AT&T Wants to Create Multicast Video Delivery Service

It isn’t clear what applications and revenue models would support any new multicast networks using 6 MHz of spectrum (up to 12 MHz in many markets) using the LTE-Broadcast protocol, but AT&T aims to find out.

By way of reference, 6 MHz is enough bandwidth to multicast one high-definition TV stream, or perhaps four standard-definition video streams, or any number of less data intensive test and image information streams.

What probably won’t work is some sort of video service on the model of cable, satellite or telco TV, as there simply isn’t enough bandwidth available, with one obvious sort of exception: the Super Bowl, streamed live to mobile phones.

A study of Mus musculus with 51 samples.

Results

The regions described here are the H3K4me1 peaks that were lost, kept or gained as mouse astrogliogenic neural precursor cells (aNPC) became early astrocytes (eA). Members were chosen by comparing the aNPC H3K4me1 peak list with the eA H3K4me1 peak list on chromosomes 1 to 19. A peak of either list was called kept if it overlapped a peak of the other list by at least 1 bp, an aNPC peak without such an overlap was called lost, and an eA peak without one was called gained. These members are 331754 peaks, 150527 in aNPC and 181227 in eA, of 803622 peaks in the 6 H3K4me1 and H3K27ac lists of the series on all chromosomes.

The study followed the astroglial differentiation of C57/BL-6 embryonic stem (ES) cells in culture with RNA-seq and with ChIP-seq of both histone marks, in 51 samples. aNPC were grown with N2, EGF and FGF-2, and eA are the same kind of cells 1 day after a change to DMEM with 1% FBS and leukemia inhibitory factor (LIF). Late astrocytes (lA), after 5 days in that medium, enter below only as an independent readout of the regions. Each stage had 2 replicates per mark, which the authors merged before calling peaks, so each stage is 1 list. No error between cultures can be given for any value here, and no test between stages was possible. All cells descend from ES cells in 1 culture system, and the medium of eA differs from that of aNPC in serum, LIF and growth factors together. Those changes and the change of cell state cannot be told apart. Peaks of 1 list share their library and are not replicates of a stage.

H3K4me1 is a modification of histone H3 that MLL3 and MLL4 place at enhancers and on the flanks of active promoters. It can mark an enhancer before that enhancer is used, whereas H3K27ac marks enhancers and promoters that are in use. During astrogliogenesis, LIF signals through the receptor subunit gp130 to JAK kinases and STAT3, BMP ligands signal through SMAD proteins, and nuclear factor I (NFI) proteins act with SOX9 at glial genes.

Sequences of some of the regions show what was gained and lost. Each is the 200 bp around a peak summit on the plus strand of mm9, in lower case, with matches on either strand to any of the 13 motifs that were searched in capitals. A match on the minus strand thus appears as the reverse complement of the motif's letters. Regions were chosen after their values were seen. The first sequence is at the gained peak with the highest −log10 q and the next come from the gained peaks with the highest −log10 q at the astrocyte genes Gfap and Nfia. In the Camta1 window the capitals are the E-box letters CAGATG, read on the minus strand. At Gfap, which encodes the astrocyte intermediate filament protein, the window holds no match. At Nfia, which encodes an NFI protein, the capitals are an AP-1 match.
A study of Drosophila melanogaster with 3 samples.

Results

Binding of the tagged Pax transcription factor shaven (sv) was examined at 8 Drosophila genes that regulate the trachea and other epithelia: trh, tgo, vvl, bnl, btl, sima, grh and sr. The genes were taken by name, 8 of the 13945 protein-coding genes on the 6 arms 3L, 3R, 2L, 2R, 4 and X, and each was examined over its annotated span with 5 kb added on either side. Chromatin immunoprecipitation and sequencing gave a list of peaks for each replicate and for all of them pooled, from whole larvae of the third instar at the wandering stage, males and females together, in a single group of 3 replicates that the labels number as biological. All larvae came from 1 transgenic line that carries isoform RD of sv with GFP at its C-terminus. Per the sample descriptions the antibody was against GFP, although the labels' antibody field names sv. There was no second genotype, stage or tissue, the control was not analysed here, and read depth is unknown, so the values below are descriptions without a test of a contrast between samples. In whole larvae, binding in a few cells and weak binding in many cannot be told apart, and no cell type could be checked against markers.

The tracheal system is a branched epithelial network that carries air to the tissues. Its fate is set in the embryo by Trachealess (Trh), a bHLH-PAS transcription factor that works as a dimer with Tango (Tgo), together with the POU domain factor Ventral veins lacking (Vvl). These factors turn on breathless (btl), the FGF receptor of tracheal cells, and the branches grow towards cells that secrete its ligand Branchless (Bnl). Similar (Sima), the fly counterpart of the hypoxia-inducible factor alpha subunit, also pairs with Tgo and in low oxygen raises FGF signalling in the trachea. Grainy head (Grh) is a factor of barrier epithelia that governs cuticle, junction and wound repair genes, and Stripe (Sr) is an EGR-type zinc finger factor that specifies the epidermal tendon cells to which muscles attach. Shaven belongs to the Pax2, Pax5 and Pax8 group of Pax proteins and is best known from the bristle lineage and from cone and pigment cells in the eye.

Beyond that example--high value, highly-viewed events--the ultimate business model likely would be based on some sort of localized datacasting (to mobile users at a major live event of some sort) or other high-value content of interest to users.

AT&T is not the only firm that has been thinking about use of mobile networks as the foundation for video entertainment delivery.

Many observers might argue that Dish Network’s plans for Long Term Evolution would rely, to some significant extent, on delivery of video entertainment. That could take several forms, giving Dish its own facilities-based way to supply paid-for broadband access (mobile or fixed), and then the ability to create a national video streaming service over the top of the access connection.

The spectrum AT&T plans to use originally was used by Qualcomm to support its now-shuttered MediaFLO service.